Reaching the decision to start therapy doesn’t come easily. You may find that you have been contemplating seeing a counsellor for some time, even years. Many people go through stages where a problem feels a problem only at certain times in their life, so it can be difficult to know when you are ready – or if you need therapy at all.

You may move back and forth in your decision before deciding to take the plunge, especially if this is your first experience of counselling. Sadly it can all too often be at the time when you reach breaking point that the realisation that you can’t do this alone becomes apparent.

The best time to see a therapist is long before a crisis happens so you can actually give yourself a chance to develop healthy coping skills and prevent the crisis altogether.

Whatever, your experience, pre-therapy can be an intimidating and challenging time, especially if you are already experiencing anxiety and/or depression. The choice to move on and do something to make your life a happier one requires motivation and commitment, which is something you are likely to have in short supply.

Here are some thoughts to consider for anyone contemplating therapy...

Reach out.

If possible, talk to someone you trust about starting therapy and let them in on what’s been going on for you –if they don’t already know. Starting to open up and talk about your difficulties could demonstrate that it is easier than perhaps you had imagined. Of course, not all of us are lucky to have close trusted family or friends around, and even if we do, talking to someone we know can often be unhelpful. If you do not feel like this would be a positive experience for you, make an appointment with your GP or start to make contact with local registered counsellors.

Research.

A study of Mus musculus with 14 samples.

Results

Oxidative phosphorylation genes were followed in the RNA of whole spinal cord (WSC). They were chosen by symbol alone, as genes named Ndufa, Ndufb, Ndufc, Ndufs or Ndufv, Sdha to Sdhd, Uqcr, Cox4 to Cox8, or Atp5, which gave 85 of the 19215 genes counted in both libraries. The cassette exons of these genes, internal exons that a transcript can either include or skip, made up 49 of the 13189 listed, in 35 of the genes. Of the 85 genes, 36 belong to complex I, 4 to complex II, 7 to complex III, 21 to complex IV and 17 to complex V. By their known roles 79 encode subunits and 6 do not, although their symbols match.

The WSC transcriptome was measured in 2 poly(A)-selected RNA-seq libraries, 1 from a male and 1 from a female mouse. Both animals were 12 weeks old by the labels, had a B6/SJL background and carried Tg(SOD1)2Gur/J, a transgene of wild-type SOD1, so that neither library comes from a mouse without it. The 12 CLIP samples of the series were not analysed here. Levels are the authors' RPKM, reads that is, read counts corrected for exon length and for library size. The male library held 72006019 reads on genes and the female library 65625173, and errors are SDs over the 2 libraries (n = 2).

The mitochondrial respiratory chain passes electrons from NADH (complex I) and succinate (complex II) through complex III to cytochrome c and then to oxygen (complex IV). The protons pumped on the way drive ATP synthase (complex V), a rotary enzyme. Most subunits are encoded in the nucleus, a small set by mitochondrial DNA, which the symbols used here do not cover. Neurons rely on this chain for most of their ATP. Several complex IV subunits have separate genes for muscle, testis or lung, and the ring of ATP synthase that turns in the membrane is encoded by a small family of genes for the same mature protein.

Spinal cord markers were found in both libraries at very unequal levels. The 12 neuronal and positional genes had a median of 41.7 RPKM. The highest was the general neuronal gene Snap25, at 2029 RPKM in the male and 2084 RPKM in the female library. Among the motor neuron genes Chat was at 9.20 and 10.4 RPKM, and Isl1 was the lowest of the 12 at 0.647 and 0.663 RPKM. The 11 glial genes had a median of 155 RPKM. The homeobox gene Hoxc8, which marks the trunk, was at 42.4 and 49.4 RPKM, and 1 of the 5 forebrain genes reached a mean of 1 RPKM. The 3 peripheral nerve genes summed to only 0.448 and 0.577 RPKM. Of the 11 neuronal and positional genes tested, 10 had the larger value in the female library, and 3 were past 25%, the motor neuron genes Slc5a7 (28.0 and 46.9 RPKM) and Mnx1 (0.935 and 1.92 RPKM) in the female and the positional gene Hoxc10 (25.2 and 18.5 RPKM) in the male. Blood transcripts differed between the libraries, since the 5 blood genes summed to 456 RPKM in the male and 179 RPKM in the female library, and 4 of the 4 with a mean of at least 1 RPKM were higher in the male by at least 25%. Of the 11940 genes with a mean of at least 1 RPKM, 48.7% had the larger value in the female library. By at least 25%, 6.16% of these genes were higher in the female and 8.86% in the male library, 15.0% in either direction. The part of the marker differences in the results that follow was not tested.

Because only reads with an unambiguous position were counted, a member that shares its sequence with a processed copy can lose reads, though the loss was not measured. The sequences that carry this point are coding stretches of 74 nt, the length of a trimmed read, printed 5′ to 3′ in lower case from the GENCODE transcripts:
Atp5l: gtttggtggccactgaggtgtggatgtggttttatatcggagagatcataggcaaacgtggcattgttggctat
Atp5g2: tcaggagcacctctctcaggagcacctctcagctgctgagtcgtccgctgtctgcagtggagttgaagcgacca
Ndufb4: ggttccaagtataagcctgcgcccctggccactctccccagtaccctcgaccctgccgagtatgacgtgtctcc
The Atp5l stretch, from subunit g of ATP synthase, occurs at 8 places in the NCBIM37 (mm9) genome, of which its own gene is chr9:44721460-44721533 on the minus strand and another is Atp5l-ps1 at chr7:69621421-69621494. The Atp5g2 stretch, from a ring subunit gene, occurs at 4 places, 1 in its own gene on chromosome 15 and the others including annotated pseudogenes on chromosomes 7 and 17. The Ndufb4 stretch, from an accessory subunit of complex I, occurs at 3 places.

More often than not, it’ll be the therapist who makes a difference to you, not their chosen approach. Read up on basic approaches and what type of therapy may fit best for the issues you are currently experiencing, but be careful not to put too much emphasis on this. Instead, find your nearest therapists online and have a read of their website, does it feel like they are talking to you? Do you feel you could connect with this person?

If you get a good gut feeling call them for a chat, most counsellors will be very happy to have a quick chat on the phone, meet for a consultation or book in for a one-off session. The relationship between you and the therapist you chose is essential to the success of the therapy so please don’t be afraid to call around a few different therapists – we won’t take offence if you feel we are not right for you.

To pay or not to pay?

While we are incredibly lucky in this country to have the NHS, a referral to see a counsellor will take time. Generally you are looking to wait at least 6 months, voluntary organisations can have a similar waiting time but make enquiries to find out about the support available in your area.

The other option is to pay and therapy costs money. If you can afford to pay for your therapy and you are viewing this as an investment in yourself then I would again advise to choose your therapist based on what your needs are and whether you feel comfortable with him or her, and not on how much they charge.

Money is an issue in therapy and I would suggest you prepare yourself and budget for the number of sessions you may need. Speak to your therapist before committing to get an idea of what they feel you may need. Sadly, clients frequently end sessions as they feel they have spent enough on therapy while still having unresolved issues. It is so important not to end therapy suddenly, speak to your therapist about any financial concerns and they will be able to offer solutions such as seeing you fortnightly, or montly instead of weekly. A professional counsellor will always have your best interests at the forefront of everything they say and do, of course this is our livelihood but ultimately our intention is always to help you. If a therapist has any other motivator they are not going to be successful in their profession.

Be prepared to talk about you.

Therapy takes work; unfortunately just turning up and paying for weekly sessions will not be enough to create meaningful change. Therapy is a collaborative process where the client and counsellor work together. Your therapist may set you tasks to complete in-between sessions, but even if they don’t it is important that you reflect on what you discuss in the session outside of the therapy room. I would suggest doing some reading up before your first session and really contemplate what you are hoping to achieve from the process. Keep a journal and talk to your counsellor about anything you notice, positive changes or negative feelings – everything is welcome in therapy.

I hope this has been useful to anyone out there thinking about starting some counselling, or anyone concerned about someone who may need some support at this time; feel free to share.